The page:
North American Healthcare Trendspotter: Wave of sidelined assets could hit the market in 2H23

Report 6 July

North American Healthcare Trendspotter: Wave of sidelined assets could hit the market in 2H23

by Rebecca Wenzel and Marie-Laure Keyrouz

While the North American healthcare sector continues to face macroeconomic headwinds such as inflation, labor shortages and reimbursement challenges, dealmakers predict that as soon as the market shows signs of stabilization, there may be a wave of deals, many of which have been waiting on the sidelines.   

In the sector – comprising pharma and biotech, healthcare services, information technology and medtech – North America saw more deal volume than any other global market in 1H23, according to Dealogic data. The 2Q saw a surge, largely due to the USD 7.4bn Syneos Health acquisition, while biomed and genetics make up the lion’s share of deal volume year to date.

Source: Mergermarket

“It’s been a tale of two cities regarding healthcare and life sciences from a deal perspective,” said Kristin Pothier, KPMG’s head of deal advisory and strategy for its Healthcare & Life Sciences division. Life sciences, on one hand, “saw incredible deal flow throughout the pandemic as a result of innovation in Covid-19 diagnostics and therapeutics,” Pothier said. “We expect to see a return in this space in late 2023 and early 2024.”  

“In the healthcare sector, the pace of recovery has been slower but despite mounting headwinds we saw volume hold steady from Q1,” said Pothier.

Deal volume is less than the high-flier years of 2021 and 2022, but the assets that are transacting are still trading at high multiples, according to healthcare dealmakers. In contrast, the second- and the third-tier assets have seen a slowdown and will not likely rebound until markets activate, the sources noted. 

For example, in HCIT, high-quality assets continue to trade, but second-tier assets are struggling to cross the finish line. In some cases, dealmakers have pulled these processes until the market is more conducive, according to sources.  

Bankers are seeing a strong backlog of assets that are waiting on the sidelines to transact once the market looks stable, according to the dealmakers, who are predicting a strong last one-third of the year, once these assets are unleashed on the market. 

At this point, the market will have an accurate idea of how valuations have reset as assets test the market, said the sources.  

Dealmakers are shifting from casting a wide net of potential buyers towards selecting a handful of buyers for assets, said Ahmad Sheikh, partner at SFW Capital Partners. There are fewer broad processes with 30 management presentations in favor of a “know your audience” strategy, selecting only ones who are specialized in lieu of buyers who may be a “tourist on a sector,” he added.  

North American sponsor exits continue to stay active, on par with the same period last year, according to Dealogic data. 

Source: Mergermarket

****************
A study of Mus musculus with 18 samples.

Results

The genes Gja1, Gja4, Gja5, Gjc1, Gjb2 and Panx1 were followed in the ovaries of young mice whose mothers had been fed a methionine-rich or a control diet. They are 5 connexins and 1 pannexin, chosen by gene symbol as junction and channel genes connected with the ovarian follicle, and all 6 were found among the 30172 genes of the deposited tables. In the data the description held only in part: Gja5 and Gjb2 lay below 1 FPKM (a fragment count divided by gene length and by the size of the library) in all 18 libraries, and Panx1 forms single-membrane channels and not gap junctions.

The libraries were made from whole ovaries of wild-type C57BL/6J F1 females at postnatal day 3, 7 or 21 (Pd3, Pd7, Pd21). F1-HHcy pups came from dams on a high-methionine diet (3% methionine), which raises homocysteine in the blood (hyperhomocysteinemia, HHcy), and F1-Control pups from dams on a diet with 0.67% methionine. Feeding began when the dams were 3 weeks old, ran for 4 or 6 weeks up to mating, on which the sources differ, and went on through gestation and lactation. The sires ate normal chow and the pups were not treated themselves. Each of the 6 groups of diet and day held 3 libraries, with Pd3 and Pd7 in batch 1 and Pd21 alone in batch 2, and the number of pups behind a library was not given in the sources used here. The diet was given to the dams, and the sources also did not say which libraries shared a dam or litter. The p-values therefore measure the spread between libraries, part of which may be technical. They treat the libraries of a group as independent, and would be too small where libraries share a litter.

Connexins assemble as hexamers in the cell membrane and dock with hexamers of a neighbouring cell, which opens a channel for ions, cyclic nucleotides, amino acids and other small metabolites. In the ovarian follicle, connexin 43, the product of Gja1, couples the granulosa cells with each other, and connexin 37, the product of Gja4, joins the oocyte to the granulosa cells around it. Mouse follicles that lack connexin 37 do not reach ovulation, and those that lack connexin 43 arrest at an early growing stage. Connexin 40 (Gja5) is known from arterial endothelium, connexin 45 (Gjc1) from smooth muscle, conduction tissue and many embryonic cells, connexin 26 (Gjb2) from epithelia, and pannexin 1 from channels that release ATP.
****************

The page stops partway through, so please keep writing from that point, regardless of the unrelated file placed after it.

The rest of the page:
Hot Sectors 

Dental service organizations are continuing to see heightened deal activity as private equity is rapidly consolidating the market. Mergermarket has reported on numerous DSOs on the block this year including Select Dental Management, Independence Dental, Guardian Dentistry and Five Point Dental Specialists, with a few recently transacting including HighFive Healthcare, Lightwave Dental and Advanced Dental

Healthcare services deals continue to see activity from financial sponsors, who are acquiring specialty doctor practices and building into a platform via M&A. Cardiology, oncology, urology and orthopedic specialty practices are hotbeds for M&A, according to Eric Tower, corporate transactions partner at Blank Rome

UNIO Health Partners, a California-based multi-specialty physician practice management company, doubled its size when it acquired InSite Digestive Health Care earlier this year, and remains acquisitive throughout California, according to a report by this news service. Cardiovascular Associates of America (CVAUSA) merged with Novocardia in April. Acquisitions remain a focus for the cardiology platform, this news service reported.  

Physician practice management groups are facing many challenges, spurring these doctor groups to seek financial sponsors, said Gary Herschman, healthcare transactions attorney at Epstein Becker & Green. Reductions in reimbursement from government and commercial payors, increased costs of practice operations, the increased prevalence of value-based care and at-risk contracting and growing competition from large organizations, such as multispecialty, primary-care driven multi-specialty groups like UnitedHealth’s Optum unit or VillageMD, are among headwinds, said Herschman. 

While there is some tempering as the capital and debt markets remain uncertain, valuations remain strong for these healthcare service platform groups, trading in the 11x-14x EBITDA range, noted one banker. 

Cell and gene therapy developers and personalized medicine markets within the pharmaceutical space continue to attract M&A and funding interest as reimbursement is expected to remain healthy for these treatments, noted one source. Additionally, artificial intelligence technology for the biopharmaceutical industry is also an active sector for M&A. 

Telehealth, while a hot sector a couple of years ago, has seen a cooling off as many players in this market have struggled to generate meaningful EBITDA, according to several sources.